The weaponization of the Holocaust against Israel

This is a particularly hard Yom Hashoah commemoration because of the suffering in Israel from October 7, deemed the worst massacre of Jews since the Shoah, and because over 100 are still being held hostage by the terrorists. These events, together with the worldwide surge in antisemitism, remind us, while not comparing anything to the horror of the Shoah, that the world hasn’t learned a lot since that great tragedy. 

It is particularly difficult, however, in another way. The purpose of Yom Hashoah and all the activities surrounding it is to remember the millions who perished, and to commit to never again. But what we are seeing too often in the past six months is not a commitment towards avoiding a future Holocaust, but the turning of the Holocaust into a weapon against the Jewish people. 

It begins with the most basic theme of hostility toward Jews: Holocaust denial. Over the years, books were written “proving” that the Shoah never actually happened and that it was a fantasy concocted by Jews who controlled the media and sources of information to win support for Israel and the Jewish people. It had the additional motivation of trying to restore the legitimacy of fascism, a political ideology that was widely supported in Europe before WWII, but which lost any legitimacy with the evidence of the Holocaust. 

We see today such denialism popping up all over with regard to October 7. Stories on social media and in certain Islamist circles simply deny that there was a massacre or rapes by Hamas. The claim again is Jewish control of the media. And the political purpose is to present Hamas not as having committed the worst terrorism since 9-11, but as a resistance group to alleged Israeli oppression. All of this even as there is wide circulation of videos produced by Hamas to celebrate their barbarism. 

Second is the quickness to accuse Israel of genocide. Here again, the irony is that the very concept of international condemnation of genocide and commitment to prevent it, grew out of the genocide of the Nazis against the Jews. It is no accident that so many are quick to attribute that unholy word to Israel, considering the history of anti-Zionism and the guilt that pervades the West over the murder of six million Jews. 

Let us recall that it was in 1975 that the UN voted to deem Zionism, the liberation movement of the Jewish people in pursuit of self-determination in their ancestral homeland, to be equal to racism. This meant that the founding of Israel, which was what Zionism was about, was beyond the pale. It was in that light, with the dissemination around the world for decades of this prejudicial judgment against the Jewish state, that the most horrific attack took place. And then when Israel did what any government would have to do, defend its people, the world was set up to denounce the victims as committing genocide.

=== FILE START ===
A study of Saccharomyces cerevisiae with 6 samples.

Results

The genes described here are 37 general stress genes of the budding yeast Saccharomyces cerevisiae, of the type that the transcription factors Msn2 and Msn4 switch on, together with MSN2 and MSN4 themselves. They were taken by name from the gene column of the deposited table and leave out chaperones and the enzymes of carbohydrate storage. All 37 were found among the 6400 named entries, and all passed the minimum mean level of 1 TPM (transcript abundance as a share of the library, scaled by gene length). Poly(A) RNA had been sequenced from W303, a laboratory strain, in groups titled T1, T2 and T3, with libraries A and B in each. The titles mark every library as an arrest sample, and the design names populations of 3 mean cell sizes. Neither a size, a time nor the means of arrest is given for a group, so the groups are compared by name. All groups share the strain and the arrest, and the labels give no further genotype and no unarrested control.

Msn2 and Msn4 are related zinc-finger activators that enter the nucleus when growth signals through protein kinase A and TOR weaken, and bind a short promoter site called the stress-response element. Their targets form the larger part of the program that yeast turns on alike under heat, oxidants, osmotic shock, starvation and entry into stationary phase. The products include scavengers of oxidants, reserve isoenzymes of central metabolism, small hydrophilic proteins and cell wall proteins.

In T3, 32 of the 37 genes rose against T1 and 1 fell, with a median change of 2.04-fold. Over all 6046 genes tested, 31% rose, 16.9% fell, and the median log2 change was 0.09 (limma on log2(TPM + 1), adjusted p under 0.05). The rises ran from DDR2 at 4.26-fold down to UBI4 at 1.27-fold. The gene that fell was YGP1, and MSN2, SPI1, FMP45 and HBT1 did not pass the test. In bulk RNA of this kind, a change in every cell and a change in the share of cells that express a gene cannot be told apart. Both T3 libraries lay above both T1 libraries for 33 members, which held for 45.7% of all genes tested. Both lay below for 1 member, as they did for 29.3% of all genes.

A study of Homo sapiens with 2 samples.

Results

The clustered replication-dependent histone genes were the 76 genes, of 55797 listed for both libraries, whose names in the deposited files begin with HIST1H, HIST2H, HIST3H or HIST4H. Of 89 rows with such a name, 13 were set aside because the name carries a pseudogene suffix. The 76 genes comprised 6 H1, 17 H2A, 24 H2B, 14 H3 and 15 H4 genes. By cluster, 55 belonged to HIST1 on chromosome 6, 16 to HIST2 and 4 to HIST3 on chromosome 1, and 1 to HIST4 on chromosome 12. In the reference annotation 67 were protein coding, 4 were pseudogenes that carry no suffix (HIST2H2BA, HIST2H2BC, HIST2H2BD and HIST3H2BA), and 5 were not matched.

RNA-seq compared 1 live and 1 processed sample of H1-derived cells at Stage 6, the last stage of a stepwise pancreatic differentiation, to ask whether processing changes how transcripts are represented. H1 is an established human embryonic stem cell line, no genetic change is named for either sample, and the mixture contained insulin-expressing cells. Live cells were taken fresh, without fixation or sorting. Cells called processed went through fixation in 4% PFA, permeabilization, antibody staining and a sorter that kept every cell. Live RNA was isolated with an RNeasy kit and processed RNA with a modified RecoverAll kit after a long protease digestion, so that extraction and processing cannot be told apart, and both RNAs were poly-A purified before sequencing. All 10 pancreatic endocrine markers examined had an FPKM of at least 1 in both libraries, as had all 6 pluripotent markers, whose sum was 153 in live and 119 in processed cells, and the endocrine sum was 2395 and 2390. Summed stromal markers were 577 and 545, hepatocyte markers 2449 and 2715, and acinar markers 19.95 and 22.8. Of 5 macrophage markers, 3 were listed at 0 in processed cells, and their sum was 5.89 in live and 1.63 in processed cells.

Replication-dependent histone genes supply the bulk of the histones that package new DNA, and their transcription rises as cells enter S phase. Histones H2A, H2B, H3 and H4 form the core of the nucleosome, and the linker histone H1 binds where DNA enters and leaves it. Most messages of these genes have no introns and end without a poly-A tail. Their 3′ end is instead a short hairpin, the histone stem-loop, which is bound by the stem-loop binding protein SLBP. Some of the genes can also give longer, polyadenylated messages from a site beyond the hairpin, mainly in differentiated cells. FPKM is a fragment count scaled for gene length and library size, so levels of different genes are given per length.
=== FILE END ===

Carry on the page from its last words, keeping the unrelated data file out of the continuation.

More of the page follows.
The other element in this assault on Israel’s good name, is the need to psychologically balance the sense of guilt. The more that was learned about the Shoah over the decades, the more it became evident that it never could have happened without centuries of deeply embedded anti-Jewish attitudes which had an impact on the perpetrators, the collaborators and the bystanders. Now there was an opportunity to even the score by saying “you Jews have your genocide committers just as we had ours.”

Third, is the tendency to put Israel and Jews who support it in the oppressor class. Those who hold those views see events since October 7 as further proof that the Jewish state represents the colonialist oppression of indigenous people.

This glib pronouncement that has so much power in certain circles simply ignores three realities about the Jewish people and the state of Israel. 

First, for many years, a significant proportion of the Jews of Israel were survivors of the Shoah who made it to Israel after the most harrowing experiences, including often the murder of their entire families by the Nazis. And, as time has passed and survivors pass away, it is their children who have to live with the knowledge of what their parents lived through and how arriving in Israel was their redemption from pure evil. 

Second, it ignores the fact that over half the Jewish population of Israel are from the Middle East, their families have lived in the region for centuries, and they ended up in Israel when life became intolerable for them in their countries of origin. 

And third, the Jewish people survived for millennia in the diaspora often under the harshest of conditions simply on the hope and aspiration of returning to their ancestral homeland  as a nation, the basis for the existence and identity of the people, the land of Israel.

To deem Israel a colonialist nation is to ignore all three factors.

In sum, the effort to use the Holocaust against the Jewish people is despicable but not surprising. The worst periods of anti-Jewish hatred rely on lies and fantasies that justify their actions.  

For many years, the Jewish people worried that the passage of time and the passing away of survivors would lead to forgetting about the Shoah. Now there is an additional factor, the use of the Holocaust against Israeli actions in Gaza and the Jewish people, which can only play into Holocaust denial, already a growing phenomenon.

Let us all stand up against this dangerous antisemitic development.

About the Author
Kenneth Jacobson is Deputy National Director of the Anti-Defamation League.